While my first winter in Sydney is certainly rivalling a typical British summer – with bright and sunny days peaking at 26 degrees last week – there’s definitely a wintery feel in the air. Mornings are crisp and fresh, evenings are steeped in darkness with a chill in the air and a bitter southerly breeze. Add into the mix the fact that apartments over here are ill-equipped for cooler temperatures and it’s easy to see why my favourite thing to do of an evening – or weekend for that matter – is to while away my time curled up in bed with a book. And unlike summer, when my reading matter tends to veer towards the heady and exotic, during colder months I often opt for thrillers.
Someone I often turn to for reading recommendations is Margot from Project Lectito, and upon reading her recent review of Ruth Ware’s In A Dark Wood, I ordered a copy, and stationed myself at bookshop-cum-cafe Gertrude & Alice with a hot Chai Latte and little else to do but read.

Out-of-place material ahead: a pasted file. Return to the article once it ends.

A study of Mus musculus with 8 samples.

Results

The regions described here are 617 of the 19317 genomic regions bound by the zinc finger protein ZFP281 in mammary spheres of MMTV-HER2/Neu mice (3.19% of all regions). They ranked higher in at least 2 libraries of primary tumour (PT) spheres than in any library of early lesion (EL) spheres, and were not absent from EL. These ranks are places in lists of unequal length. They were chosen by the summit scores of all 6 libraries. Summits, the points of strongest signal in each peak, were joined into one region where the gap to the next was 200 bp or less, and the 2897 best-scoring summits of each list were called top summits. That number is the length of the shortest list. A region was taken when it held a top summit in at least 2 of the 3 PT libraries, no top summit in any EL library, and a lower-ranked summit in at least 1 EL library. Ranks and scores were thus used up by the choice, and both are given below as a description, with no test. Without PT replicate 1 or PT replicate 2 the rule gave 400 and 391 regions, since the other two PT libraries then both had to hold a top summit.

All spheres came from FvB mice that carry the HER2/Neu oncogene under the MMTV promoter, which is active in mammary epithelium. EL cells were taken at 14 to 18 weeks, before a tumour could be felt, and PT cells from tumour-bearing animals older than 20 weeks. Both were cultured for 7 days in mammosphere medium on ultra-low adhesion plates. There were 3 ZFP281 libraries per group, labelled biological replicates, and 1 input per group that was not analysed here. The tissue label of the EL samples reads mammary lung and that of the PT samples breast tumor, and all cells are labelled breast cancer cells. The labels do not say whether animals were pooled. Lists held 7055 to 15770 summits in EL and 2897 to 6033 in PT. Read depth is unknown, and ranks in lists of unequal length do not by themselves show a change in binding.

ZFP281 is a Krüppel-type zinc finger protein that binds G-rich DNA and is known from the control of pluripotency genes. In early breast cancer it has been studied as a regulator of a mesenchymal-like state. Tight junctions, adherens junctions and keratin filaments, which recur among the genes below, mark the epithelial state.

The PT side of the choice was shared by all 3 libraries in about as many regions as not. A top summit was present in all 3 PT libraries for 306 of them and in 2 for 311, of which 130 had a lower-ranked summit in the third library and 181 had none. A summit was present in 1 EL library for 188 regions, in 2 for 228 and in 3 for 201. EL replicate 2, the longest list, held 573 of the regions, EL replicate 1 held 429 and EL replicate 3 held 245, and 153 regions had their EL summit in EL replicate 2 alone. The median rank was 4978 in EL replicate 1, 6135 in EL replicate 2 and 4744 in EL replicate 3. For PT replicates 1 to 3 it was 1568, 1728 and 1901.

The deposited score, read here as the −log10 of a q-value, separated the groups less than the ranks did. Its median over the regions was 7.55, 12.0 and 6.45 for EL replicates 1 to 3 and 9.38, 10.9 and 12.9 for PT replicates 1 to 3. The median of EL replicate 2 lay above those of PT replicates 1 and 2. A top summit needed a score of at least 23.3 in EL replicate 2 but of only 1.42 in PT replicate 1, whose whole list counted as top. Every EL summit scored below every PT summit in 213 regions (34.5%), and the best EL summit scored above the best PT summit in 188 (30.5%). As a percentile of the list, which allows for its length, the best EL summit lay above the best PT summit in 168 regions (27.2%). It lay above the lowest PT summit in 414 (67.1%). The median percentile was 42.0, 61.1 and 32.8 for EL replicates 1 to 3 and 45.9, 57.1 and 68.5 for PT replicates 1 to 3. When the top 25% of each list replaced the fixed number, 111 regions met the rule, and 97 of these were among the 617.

For me, the very best thing about thrillers is their ability to hook the reader from the very beginning – and Ware’s debut did just that. We’re told the tale of 26 year old Nora, who is invited to the hen do of Claire, an old school friend who she hasn’t seen in over a decade – much to her bemusement. Against her better judgement, she agrees to the weekend away which is taking place in an isolated glass cabin in the depths of the Northumbria woods. What follows is a story of betrayal, deceit and ultimately murder, as the weekend takes a dark twist and each of the six characters unveil their true colours.
A fast-paced, compelling tale, In A Dark Dark Wood boasts twists and turns a-plenty and will no doubt leave readers wanting more from Ware.